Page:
RTRFM’s all female line up for International Women’s Day

To celebrate International Women’s Day every interview, every song and every presenter appearing on RTRFM today is female.

With a history that spans more than 100 years, International Women’s Day celebrates the achievements of women everywhere and acknowledges and protests against continuing disparities in every aspect of society.

RTRFM’s 24-hour IWD programming block features exclusively female presenters, songs and stories highlighting the achievements of women around the world.

The all-female programming kicked off at 11pm last night when Courtney Fraser delivered two hours of Jungle, Drum & Bass, Dubstep, Trip-Hop and Grime on Bass Check.

Overnight Raine van Dyle hosted the Up Late program and Emiko Watanabe took over in the early hours with Snooze Button. Wantanabe played a mix of Savages, Banoffee, FKA Twigs, Sleater-Kinney and ANOHNI, who is transgender.

Regular breakfast host Caitlin Nienaber (pictured) woke audiences up with a mix of tunes and interviews that was 100% female.

The dedication to women continues with Em Burrows delivers The Mag – exploring women’s stories and sounds from 6am through midday.

At midday RTRFM’s new release program Out to Lunch will be hosted by Xanthea O’Connor with the latest releases from female artists.  Afternoon beats come courtesy of Alisha Gatani on Full Frequency, while the commuters journey home will be sound-tracked by Justine Dandy on Drivetime.

Ai-Ling Truong will bring the day to a close on post-rock program Posted, followed by Jen Gruesome delivering some heavy metal sounds on Critical Mass and Minouck Dawn rounding off 24-hour programming block with massive
sounds on Behind the Mirror.

ABC criticised for similar move

While the day long dedication to promoting female announcers and journalists is not a new event for RTRFM, other radio stations that have followed the move have been criticized for excluding male presenters.

Writing at News.com Angela Mollard labeled all female programming as a misguided token gesture.  While Ben Pobjie said the decision to have an all female panel on Monday night’s Q&A, with the exception of host Tony Jones, was a regressive move.

Outspoken critic of the ABC Andrew Bolt (pictured) asked if there would be similar moves for International Fisherman’s Day or International Talk Like a Pirate Day. Fellow SKY News presenter Peta Credlin said the ABC should be doing more to promote women throughout the year.



Is it a good idea?

Graeme Watson – Opinion

What does a full day of women’s focused programming achieve? A massive amount of things.

There will be moments today when people will be watching their TV or listening to their radio and will stop and think that it sounds odd to have two female voices without a male voice. The fact that it registers with as odd, shows that there is still inequality in the media.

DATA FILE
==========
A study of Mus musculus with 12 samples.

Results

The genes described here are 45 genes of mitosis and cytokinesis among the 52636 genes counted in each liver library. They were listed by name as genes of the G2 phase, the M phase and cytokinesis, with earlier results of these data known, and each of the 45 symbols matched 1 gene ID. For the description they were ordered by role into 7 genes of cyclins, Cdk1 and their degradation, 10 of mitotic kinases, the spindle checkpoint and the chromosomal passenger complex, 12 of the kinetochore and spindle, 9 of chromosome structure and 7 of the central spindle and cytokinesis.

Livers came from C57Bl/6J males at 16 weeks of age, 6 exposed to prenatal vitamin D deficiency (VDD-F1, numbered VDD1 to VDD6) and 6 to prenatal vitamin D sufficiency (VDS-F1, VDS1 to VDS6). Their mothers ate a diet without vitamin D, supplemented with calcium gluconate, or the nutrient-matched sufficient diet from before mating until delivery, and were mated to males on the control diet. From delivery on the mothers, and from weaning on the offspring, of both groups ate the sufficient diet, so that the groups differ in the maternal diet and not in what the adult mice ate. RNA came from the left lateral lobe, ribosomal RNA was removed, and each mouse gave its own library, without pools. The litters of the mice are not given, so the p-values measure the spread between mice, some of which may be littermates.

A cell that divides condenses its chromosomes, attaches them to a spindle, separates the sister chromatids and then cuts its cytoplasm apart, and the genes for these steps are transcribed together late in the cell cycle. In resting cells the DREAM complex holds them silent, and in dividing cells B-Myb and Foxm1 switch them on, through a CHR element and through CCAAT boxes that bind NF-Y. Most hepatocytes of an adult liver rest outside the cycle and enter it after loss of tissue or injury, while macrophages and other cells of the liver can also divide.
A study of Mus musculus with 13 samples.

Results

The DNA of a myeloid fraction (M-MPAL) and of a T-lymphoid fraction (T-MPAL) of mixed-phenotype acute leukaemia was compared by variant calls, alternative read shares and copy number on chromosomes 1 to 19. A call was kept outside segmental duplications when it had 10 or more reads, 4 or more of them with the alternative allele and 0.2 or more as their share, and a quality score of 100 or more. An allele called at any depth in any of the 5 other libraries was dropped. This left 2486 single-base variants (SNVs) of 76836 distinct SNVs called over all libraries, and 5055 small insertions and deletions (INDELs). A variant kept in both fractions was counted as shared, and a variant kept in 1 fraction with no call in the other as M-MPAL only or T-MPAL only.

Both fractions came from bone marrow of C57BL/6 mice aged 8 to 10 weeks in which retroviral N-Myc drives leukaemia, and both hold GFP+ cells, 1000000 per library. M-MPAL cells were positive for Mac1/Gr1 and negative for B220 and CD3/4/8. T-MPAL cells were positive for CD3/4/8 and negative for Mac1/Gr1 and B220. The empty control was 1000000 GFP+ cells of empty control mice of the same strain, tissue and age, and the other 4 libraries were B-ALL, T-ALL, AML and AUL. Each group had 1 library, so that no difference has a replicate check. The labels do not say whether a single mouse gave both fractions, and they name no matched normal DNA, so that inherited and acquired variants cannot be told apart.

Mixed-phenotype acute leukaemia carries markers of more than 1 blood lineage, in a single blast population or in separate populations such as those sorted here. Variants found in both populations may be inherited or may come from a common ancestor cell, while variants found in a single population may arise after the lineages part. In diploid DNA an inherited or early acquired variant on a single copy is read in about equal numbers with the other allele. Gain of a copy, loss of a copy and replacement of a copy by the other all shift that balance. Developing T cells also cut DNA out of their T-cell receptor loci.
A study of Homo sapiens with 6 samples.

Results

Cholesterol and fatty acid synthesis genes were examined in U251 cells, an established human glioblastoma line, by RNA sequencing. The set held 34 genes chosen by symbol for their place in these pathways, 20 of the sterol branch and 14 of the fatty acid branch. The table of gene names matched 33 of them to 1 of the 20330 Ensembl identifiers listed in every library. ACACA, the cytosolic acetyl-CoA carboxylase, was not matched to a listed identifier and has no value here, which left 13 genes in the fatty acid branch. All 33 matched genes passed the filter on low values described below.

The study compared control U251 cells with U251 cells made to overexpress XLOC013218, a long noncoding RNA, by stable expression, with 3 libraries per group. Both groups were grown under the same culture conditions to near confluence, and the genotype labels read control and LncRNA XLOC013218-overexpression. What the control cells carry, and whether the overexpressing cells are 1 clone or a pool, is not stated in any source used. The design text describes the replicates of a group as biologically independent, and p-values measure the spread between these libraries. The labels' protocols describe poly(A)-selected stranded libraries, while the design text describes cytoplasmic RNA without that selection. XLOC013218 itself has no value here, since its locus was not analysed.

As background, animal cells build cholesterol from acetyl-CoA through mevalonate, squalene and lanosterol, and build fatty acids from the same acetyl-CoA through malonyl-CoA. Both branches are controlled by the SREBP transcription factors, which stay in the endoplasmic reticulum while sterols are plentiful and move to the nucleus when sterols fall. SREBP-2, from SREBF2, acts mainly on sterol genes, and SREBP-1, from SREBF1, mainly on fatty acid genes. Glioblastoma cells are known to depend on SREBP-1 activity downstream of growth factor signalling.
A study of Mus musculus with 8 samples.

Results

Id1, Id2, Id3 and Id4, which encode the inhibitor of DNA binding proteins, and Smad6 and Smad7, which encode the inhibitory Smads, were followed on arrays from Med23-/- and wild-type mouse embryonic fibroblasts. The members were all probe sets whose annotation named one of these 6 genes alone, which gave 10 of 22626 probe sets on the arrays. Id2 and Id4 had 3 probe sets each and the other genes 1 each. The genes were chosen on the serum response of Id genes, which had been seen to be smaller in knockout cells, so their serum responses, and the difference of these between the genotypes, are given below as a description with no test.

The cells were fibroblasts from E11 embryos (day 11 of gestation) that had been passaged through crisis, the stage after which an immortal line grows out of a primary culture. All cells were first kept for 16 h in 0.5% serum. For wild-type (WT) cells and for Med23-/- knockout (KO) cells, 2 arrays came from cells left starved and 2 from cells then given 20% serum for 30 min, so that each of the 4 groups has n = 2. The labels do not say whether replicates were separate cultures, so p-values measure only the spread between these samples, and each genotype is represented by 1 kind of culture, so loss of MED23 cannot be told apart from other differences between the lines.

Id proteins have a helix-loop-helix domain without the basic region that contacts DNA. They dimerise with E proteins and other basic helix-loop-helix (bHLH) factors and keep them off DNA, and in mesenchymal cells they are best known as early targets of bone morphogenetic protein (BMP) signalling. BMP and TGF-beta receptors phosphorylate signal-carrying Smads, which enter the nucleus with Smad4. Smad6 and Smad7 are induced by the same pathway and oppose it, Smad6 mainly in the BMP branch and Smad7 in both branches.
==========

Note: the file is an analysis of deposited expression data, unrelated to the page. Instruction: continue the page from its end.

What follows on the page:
A 2014 report from the US based Women’s Media Center showed that there were more men than women in newsrooms, female actors are paid much less than their male colleagues, women are quoted less in articles, and columnists are more than likely to be men.

You need look no further than the succession of Breakfast teams on commercial radio who have comprised two guys and one girl to see how media is still a male dominated industry.

While there has been an increase in the number of breakfast teams featuring one guy and one girl, I suspect this has more to do with budget cuts than striving for equality.

Highlighting an issue for a single day does not mean that the issue is not being dealt with on other days.

A Pride parade doesn’t mean we stop fighting for gay rights on the other 364 days of the year. We can, and should, still care about challenges faced by indigenous people on days other August 9th. Inequality for people with disabilities need to be championed on more days than December 3rd.

Creating a moment to focus on a particular issue, shining a bright light on a topic, allows us to stop and think about how we tackle that challenge in the future. It’s puts topics on the agenda.

If decision by broadcasters like RTRFM and the ABC make other people in the media, and other industries stop and think about how they are tackling inequality then it’s a worthwhile move.

What we see in the media can have a profound effect on wider society, and organisations that encourage debate should be championed not criticised.

At OUTinPerth we have more male than female contributing writers, more guys than girls come down to our writer’s meetings. We want to change that. You can sign up to our writer’s email list, or come down to our next contributors meeting.

Graeme Watson is the Managing Editor at OUTinPerth, and is a broadcaster at RTRFM.